Highly stylized and over-the-top nuttiness characterizes Tsui Hark's generic hybrid of historical epic, mystery and martial-arts extravaganza. The Steven Spielberg of Hong Kong delivers Tang Dynasty spectacle and intrigue alongside men unexpectedly bursting into flame and a magic talking deer. If you're looking for a popcorn movie, producer-director Tsui ("Once Upon a Time in China," "Seven Swords") has crafted an absurdist fantasy that might cure -- or spontaneously combust -- the summertime blues.
But even escapist entertainment can have interesting angles. Set in 689 A.D., Zhang Jialu's screenplay focuses on Wu Zetian (Carina Lau of "Infernal Affairs II") as she prepares to ascend to the throne and become the first-and-only female emperor in the history of China. Depicted more as a dragon lady than lotus blossom, she faces fierce opposition from powerful men (including Tony Leung Ka Fai of "Ashes of Time") who would rather see her dead than celebrate her impending coronation. She relies on her closest confidants (Li Bingbing and Deng Chao) for advice and protection.
This tale of ancient China attracted top talent. Andy Lau ("House of Flying Daggers," "Infernal Affairs") acts his way out from under a bad wig to play Detective Dee, freed from eight years in prison by Wu, who put him there in the first place. The detective has the steel-trap mind of Sherlock Holmes and the kung-fu skills of an action-adventure hero -- aided by veteran action director Sammo Hung's jaw-dropping choreography of the fight scenes. Dee must solve the mystery of why people are being consumed by flames, while dodging arrows and knives and masked assailants trying to kill him.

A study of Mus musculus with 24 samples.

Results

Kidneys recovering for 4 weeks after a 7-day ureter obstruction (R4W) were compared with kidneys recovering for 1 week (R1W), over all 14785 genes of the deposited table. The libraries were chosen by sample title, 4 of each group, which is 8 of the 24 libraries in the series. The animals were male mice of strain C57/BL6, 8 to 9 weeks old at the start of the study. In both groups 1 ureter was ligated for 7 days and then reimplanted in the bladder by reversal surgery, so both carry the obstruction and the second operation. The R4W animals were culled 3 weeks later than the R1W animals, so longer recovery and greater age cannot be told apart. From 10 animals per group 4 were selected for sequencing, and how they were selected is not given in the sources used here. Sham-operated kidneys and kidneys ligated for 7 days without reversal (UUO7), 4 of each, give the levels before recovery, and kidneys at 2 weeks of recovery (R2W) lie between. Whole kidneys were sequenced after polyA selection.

From the towering, under-construction Buddha that overlooks the coronation stage to the underworld Phantom Bazaar populated with outcasts and legendary fire turtles, the production design by Sung Pong Choo offers stunning visuals that contribute to the lavish spectacle. Although the opulent look and kinetic movement attract the eye, the plot twists demand that you pay attention.
Yet Tsui's effort doesn't measure up to the cinematic poetry of "Hero" (2002), Zhang Yimou's masterwork of sight and sound. Despite Andy Lau's star wattage, the character of Detective Dee isn't particularly engaging, and the others are unlikeable for the most part. The movie feels bloodless, a wasteland devoid of emotion.
But the China-Hong Kong co-production does share a thematic thread with "Hero": Individuals must sacrifice for the greater good of the country. Does this theme constitute a "national style," or is the message mandatory to getting a movie made in post-reunification China? Having rebels willingly bow down to authority for the sake of national unification and peace continues to surface in notable Chinese films.
That gives you something to think about while indulging in this otherwise guilty pleasure.